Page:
Free Appropriate Public Education

Providing every eligible child a "Free Appropriate Public Education" is required by the Individuals with Disabilities Education Act (IDEA) in the United States. The Supreme Court of the United States has just ruled unanimously that schools cannot settle for "minimum progress" specifically in the case of a child with disabilities. "When all is said and done, a student offered an educational program providing ‘merely more than de minimis’ progress from year to year can hardly be said to have been offered an education at all", according to the opinion issued by the Supreme Court. With this decision, the court clearly takes seriously what "Free Appropriate Public Education" means.

Above copied from the
The case involves an autistic child whose parents have sued the Douglas County School District for not providing "Free Appropriate Public Education". With the IDEA act, a child with a disability such as autism is entitled to an Individualized Education Plan (IEP). The public school in Douglas did provide an IEP but the parents argued that the IEP was not producing any meaningful result. The parents took the child to a school that specializes in educating children with autism. The school employs a "behavioral intervention plan" and there is evidence that the child has begun thriving in school. The district, however, refused to reimburse the parents for their tuition expenses at the private school for autistic children, making the claim that the public school has already done what was required by law.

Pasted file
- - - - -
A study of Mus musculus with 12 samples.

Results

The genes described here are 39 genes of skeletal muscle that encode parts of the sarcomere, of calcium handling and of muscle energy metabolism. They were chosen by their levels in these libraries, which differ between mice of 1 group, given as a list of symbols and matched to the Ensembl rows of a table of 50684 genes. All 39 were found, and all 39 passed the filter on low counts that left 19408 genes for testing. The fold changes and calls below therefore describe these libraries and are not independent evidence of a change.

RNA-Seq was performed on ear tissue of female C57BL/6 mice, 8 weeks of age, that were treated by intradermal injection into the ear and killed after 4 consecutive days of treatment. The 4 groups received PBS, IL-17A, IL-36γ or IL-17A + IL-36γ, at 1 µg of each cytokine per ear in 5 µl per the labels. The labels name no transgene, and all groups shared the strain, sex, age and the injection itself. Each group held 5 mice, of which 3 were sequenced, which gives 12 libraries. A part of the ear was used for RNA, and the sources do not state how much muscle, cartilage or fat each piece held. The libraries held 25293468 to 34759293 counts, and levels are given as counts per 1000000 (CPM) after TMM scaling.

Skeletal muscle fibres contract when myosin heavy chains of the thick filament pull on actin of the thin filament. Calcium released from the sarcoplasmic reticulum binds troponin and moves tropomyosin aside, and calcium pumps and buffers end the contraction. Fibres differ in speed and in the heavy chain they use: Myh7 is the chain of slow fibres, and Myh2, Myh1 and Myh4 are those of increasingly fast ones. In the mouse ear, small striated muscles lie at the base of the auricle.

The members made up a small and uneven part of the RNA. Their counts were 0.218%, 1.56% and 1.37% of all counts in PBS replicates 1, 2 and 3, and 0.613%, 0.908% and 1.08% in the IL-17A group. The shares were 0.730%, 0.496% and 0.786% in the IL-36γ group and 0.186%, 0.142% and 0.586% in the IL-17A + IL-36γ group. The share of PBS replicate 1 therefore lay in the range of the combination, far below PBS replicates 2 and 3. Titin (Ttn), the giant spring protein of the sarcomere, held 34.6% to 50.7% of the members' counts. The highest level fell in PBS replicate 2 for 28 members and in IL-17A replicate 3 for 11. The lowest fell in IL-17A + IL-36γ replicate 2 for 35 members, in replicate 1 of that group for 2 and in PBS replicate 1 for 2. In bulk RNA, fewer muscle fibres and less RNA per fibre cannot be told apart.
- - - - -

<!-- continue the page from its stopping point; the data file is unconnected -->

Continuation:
This recent decision made by the US Supreme Court is inspiring. The high court basically states that one should not look at the law to determine how a child needs to be educated. Instead, one must look at the child. "No law could do that—for any child", says the opinion by the court. What is good for a child needs to be supported by both evidence and application of expertise.

In stark contrast, the Supreme Court in the Philippines still has not decided on the various petitions filed against Republic Act 10533, the law that authorizes DepEd's K to 12 curriculum. While justices in the US leave the decision to educators and gives a stronger voice to parents who advocate for their children's education, the justices in the Philippines seem to have chosen not to listen to parents, teachers and students, leaving the future of basic education in the Philippines to the whims of its lawmakers and politicians.